ENVIRONMENTALISTS are continuously opposing the Davao City government's move to push for the establishment of the waste-to-energy (WTE) incineration, and even urged the public to boycott local officials supporting the project
Vice Mayor Bernard Al-ag recently confirmed that the construction of the 10-hectare WTE project worth P2.5 billion in Biao Escuela, Tugbok District will start in the third quarter this year.
Al-ag said the funding of the project will be coming from the Japanese International Cooperation Agency (Jica).
Mayor Sara Duterte-Carpio said in her State of the City Address speech that the project will be a “long-term solution” to the city's solid waste problem.
The project will also decongest the New Carmen Sanitary Landfill in Tugbok, as it is close to reaching its maximum capacity.
However, No Burn Philippines representative Lorenzo de Vera said on Wednesday, April 17, that the waste incineration project would pose environmental and health hazards.
De Vera said the local government would have not reached its current problem if the Ecological Solid Waste Management Ordinance of 2009 were strictly implemented.
"Instead nga ihatag nato ning investment sa pagsunog sa basura, why not tagaan nato og investment kining mga informal waste pickers nato, since ila live livelihood is mag scavenge sa landfill (Instead of investing in burning wastes, why not provide informal waste pickers livelihood?)," he said during the AFP-PNP press conference at the Royal Mandaya Hotel.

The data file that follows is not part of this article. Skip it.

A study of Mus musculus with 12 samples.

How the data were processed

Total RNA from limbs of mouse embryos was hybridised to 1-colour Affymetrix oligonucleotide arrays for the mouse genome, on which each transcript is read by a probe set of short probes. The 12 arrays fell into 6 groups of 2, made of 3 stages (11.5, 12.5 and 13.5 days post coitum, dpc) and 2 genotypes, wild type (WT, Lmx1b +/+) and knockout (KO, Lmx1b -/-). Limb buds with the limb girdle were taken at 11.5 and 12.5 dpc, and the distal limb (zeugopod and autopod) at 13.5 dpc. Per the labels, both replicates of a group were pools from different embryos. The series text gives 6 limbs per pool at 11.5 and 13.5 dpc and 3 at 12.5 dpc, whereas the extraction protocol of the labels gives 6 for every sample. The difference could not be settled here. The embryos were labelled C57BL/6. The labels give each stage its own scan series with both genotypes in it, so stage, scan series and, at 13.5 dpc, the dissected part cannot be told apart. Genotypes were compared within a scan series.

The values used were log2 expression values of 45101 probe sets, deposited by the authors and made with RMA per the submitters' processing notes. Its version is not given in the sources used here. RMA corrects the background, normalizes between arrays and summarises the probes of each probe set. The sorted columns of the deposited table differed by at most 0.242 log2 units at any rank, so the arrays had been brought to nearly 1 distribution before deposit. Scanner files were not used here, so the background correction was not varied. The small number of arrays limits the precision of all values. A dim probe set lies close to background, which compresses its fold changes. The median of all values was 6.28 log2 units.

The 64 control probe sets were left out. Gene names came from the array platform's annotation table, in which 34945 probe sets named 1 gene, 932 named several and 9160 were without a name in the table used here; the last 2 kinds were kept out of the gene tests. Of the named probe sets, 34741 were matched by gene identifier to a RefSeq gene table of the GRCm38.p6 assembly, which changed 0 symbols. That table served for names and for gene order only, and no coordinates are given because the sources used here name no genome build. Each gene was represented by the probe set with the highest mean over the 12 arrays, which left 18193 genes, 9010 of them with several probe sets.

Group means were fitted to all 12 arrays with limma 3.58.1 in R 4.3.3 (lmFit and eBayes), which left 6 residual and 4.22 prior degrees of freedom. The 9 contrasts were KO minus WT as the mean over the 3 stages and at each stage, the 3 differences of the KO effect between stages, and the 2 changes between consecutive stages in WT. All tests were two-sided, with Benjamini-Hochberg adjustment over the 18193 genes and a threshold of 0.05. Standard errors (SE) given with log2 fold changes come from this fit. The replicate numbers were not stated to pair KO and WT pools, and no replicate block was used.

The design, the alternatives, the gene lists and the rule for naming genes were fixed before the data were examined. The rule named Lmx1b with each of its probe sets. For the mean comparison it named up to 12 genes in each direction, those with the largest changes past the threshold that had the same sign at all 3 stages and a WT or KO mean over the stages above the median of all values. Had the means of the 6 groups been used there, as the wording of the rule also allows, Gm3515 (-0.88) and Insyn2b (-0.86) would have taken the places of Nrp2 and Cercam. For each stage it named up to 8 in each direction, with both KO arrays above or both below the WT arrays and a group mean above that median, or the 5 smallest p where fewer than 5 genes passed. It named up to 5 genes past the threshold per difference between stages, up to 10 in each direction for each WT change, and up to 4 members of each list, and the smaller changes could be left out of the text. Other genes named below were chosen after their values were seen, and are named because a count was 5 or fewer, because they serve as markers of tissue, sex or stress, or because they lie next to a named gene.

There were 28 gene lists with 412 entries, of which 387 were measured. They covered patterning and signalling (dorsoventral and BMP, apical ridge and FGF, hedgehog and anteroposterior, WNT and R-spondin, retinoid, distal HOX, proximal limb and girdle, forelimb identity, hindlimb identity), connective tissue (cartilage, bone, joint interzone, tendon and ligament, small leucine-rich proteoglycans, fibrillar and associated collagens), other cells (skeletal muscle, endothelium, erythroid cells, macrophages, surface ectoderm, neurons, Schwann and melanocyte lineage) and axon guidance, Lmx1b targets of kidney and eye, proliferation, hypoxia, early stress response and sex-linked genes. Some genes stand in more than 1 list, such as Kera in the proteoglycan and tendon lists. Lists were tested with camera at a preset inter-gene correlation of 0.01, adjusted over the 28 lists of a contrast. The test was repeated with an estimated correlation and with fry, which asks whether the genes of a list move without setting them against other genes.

No Burn Philippines, a non-government organization, launched nationwide a postering campaign against WTE incinerator candidates nationwide.
Although he did not specify names, De Vera said majority of the City Council endorsed the establishment of the WTE facility.
He also said the group is calling on the council to review the project.
Aside from posing hazards, he said that putting up WTE plants in the country is illegal.
"We would like to remind the city government that according to the Clean Air Act and Solid Waste Management Act, incineration plants are illegal specially in Davao City, dahil direct nito susunugin ang basura," De Vera said.
The environment group also said the WTE plant will not address the current electricity need of the city, as it would be able to generate less than seven megawatts per day.
De Vera also said the group is seeking for the transparency of the project.
"If the construction pushes through, we would like to know if they have complied the necessary documents, such as Environmental Compliance Certificate, and Environmental Impact Assessment plan, because everyone has the right to know," he said.